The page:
As the African Energy Chamber sets for litigation, BEAC postpones implementation of new Forex Regulation towards 2021

African Energy Chamber

BEAC postpones the implementation of the Forex Regulation following litigation sought by the African Energy Chamber. The Chamber remains determined in its commitment to seek a fair and just resolution that puts forth the interests of African people, businesses, investors and economic growth.

The African Energy Chamber (“the Chamber”) which represents nearly every segment of the energy sector, is pleased to announce the extension on the implementation of the BEAC Forex Regulation from January 1st to December 1st 2021. The is based on the decision made by H.E. Abbas Mahamat Tolli, Governor of BEAC, no. 119/GR/2020 to delay the implementation, signed on November 5th 2020.

The energy industry and everyday people do believe this is a step in the right direction, however, it is simply not enough.

“While we thank BEAC for listening to the Chamber, businesses, workers and foreign investors, we still believe that these regulations need to be stricken down. Though extended, the regulations as they stand, without amendments, are the most dangerous and Anti-African regulations in the world and cannot be left hanging on people’s heads without being corrected,” said NJ Ayuk, Executive Chairman of the African Energy Chamber.

One of the core principles of The Economic Community of Central African States is the promotion and strengthening of cooperation in order to achieve collective self-reliance, raise the standard of living for its peoples, increase economic stability and contribute to the progress and development of the sub-region and the African continent as a whole (Art 4 ECCAS Treaty). These Regulations stifle the vision and spirit in which the treaty was signed.

These regulations violate the very ethos of government bodies, which is to serve the interests of its people and to ensure that any regulations passed do not obstruct economic growth and self-reliance of the people in the CEMAC region.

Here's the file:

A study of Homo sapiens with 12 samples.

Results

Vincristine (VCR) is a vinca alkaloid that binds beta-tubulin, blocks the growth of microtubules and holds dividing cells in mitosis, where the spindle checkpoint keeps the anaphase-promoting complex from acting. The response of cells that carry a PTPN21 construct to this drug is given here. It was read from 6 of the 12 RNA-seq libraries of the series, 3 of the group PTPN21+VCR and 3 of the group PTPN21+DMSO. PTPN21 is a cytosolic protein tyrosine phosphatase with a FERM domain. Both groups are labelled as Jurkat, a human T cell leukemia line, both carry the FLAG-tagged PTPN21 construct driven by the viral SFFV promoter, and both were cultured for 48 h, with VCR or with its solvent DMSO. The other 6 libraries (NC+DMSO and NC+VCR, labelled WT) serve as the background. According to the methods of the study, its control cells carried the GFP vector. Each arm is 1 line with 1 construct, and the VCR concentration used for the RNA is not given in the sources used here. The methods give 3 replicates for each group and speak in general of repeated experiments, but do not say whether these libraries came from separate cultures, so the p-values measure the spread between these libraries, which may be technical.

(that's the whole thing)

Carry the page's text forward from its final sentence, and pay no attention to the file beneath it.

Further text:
The Chamber believes that we must continue to fight for the ability of small businesses, everyday people, investors, especially oil and gas companies to hire, invest, grow, succeed and create jobs in Africa as this is required for our post-COVID-19 recovery.

Certain provisions in the BEAC Forex Regulations appear to be anti-fair trade and against the objective of the AfCFTA, an agreement which has been ratified by all CEMAC member states. One of the key objectives of the Agreement is to “create a single market for goods, services, facilitated by movement of persons in order to deepen the economic integration of the African continent,” it states.

Therefore, these regulations are counterproductive as they have diminished the attractiveness of the CEMAC for foreign direct investments and cross border trade.

“It is because of this that the Chamber asserts that it will continue with its intention to litigate against regulations that put extremely deterrent barriers for entry of investors in Gabon, Cameroon, the Republic of Congo, Equatorial Guinea, the Central African Republic and Chad. The regulation in itself is in clear contradiction with the spirit of the AfCTA. It is illegal. It should be repealed and replaced with a more pro-growth and pro-jobs regulation which the chamber is willing to provide to BEAC,” Ayuk concluded.

The Chamber believes that this regulation will contribute to the growing challenge of energy poverty, corruption and the increasing role of bureaucrats in business affairs. The question is simple, why add more burdens and barriers?

Businesses, everyday people and people on the front lines need to be protected from this and the Chamber is committed to seeing it through. Our mission here is loud and clear: we are dedicated to being resolute in this provocation.

Distributed by APO Group on behalf of African Energy Chamber.